Disadvantages of PGD

Updated March 23, 2017

Technology related to pregnancy has advanced rapidly since the latter half of the 20th century. Starting with in vitro fertilisation—or IVFs—technology advanced to the point in the 21st century where the sex of the embryo can be chosen. One method, known as PGD—or pre-implantation genetic diagnosis—is one of the most popular sex-determination techniques. Although it has many advantages, it has several disadvantages as well.


Cost is always an issue on matters concerning pregnancy. IVF tends to be expensive, while PGDs are an additional cost. Basic PGD tests will cost upwards of £1,950. These tests normally only include the sex determination, rather than the other features that PGD testing can include. Additional costs can be added for further chromosomal abnormality testing.

Abnormality Testing

One of the advantageous aspects that PGD testing offers also has several drawbacks. PGD tests allow people to perform chromosomal testing, which provide the ability for those receiving an IVF to check for the correct number of chromosomes—ensuring a healthier embryo. The downside is that chromosomal testing is not always accurate and therefore cannot guarantee results. Since false testing is an issue, follow-up testing can be necessary to ensure a correct diagnosis.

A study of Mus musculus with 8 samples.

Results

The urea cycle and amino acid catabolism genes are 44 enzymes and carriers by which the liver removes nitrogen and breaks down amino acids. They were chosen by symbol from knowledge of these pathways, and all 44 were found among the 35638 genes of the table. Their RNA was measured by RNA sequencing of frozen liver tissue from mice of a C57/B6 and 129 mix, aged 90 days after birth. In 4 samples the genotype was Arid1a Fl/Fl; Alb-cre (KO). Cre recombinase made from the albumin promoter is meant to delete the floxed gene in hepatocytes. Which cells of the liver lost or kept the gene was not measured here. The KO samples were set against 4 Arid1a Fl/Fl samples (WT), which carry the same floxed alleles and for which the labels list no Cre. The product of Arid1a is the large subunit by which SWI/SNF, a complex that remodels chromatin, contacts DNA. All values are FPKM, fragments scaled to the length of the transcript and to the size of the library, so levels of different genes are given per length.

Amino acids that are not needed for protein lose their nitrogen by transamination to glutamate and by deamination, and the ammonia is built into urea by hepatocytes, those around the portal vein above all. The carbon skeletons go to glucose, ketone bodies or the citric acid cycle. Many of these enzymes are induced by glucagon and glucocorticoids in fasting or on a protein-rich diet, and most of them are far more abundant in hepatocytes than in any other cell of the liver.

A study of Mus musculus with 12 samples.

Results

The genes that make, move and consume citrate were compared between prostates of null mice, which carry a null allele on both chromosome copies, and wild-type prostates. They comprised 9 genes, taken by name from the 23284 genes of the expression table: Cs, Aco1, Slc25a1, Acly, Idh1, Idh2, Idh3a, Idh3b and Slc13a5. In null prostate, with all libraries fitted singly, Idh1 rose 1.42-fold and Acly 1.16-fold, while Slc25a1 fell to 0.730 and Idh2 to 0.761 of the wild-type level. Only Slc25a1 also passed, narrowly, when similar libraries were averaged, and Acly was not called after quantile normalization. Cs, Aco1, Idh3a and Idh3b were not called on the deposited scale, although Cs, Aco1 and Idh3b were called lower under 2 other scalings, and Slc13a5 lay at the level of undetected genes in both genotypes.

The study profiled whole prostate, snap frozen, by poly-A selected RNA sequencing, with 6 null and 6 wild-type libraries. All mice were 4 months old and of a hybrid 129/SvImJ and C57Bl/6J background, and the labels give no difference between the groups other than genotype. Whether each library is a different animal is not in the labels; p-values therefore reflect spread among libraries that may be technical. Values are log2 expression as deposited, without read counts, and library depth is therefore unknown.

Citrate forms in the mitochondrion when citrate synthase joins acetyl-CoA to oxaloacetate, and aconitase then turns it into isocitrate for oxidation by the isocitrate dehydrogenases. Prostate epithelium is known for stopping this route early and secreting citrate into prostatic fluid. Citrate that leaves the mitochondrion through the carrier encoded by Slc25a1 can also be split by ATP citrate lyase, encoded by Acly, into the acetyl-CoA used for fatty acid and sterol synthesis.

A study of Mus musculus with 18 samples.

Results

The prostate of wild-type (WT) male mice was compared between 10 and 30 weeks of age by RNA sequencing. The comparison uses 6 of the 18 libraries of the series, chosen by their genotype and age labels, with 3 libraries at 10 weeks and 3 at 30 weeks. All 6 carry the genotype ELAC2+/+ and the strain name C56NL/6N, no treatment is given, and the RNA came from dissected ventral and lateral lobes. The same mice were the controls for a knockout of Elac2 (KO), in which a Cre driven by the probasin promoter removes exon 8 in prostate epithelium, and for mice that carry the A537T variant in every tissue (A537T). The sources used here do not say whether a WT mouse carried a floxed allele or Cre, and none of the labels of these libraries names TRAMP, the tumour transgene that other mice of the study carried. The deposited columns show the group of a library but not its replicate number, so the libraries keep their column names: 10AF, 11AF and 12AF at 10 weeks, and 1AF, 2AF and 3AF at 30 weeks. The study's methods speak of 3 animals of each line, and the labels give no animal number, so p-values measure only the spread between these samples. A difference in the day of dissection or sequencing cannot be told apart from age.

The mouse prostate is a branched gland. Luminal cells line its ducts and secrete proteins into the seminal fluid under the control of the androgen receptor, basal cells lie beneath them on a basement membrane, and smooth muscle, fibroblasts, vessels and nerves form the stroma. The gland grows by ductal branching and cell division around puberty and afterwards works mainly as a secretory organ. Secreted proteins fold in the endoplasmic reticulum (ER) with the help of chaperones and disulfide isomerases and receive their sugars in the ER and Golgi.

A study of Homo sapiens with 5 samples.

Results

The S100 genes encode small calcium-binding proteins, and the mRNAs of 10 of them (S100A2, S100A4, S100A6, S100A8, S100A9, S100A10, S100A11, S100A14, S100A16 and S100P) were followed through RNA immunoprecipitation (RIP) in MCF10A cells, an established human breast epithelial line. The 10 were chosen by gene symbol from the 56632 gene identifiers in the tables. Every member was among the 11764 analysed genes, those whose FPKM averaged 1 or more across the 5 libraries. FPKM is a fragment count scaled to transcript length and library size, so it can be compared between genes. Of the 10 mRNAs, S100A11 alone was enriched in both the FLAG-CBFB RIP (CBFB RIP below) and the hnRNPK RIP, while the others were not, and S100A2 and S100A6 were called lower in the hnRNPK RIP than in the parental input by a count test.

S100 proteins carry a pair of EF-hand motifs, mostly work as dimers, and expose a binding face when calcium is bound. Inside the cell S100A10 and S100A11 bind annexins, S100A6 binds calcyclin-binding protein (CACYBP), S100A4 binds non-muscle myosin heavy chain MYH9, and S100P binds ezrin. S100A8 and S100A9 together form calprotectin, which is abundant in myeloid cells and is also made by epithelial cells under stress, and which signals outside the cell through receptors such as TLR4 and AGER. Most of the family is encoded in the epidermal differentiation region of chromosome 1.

Performing a PGD requires a cell biopsy to take place, which allows for the process of sex determination. If there are only a limited number of embryos, a PGD test can be risky since testing can result in the loss of a healthy embryo. Taking chances on a limited group of embryos can potentially result in a loss of all healthy embryos that would have otherwise had the potential to be implanted successfully.

Moral Concerns

PGD testing can raise several different moral questions. Other than the issue of disregarding healthy embryos in search of the one with the correct sex, there are issues regarding tissue compatibility. PGD testing allows tissue compatibility testing, which can be potentially used by people maliciously in an attempt to develop a child that has blood and tissue compatibility with another child that needs an organ or bone marrow transplant.


Steve Johnson is an avid and passionate writer with more than five years of experience. He's written for several industries, including health, dating and Internet marketing, as well as for various websites. He holds a bachelor's degree from the University of Texas.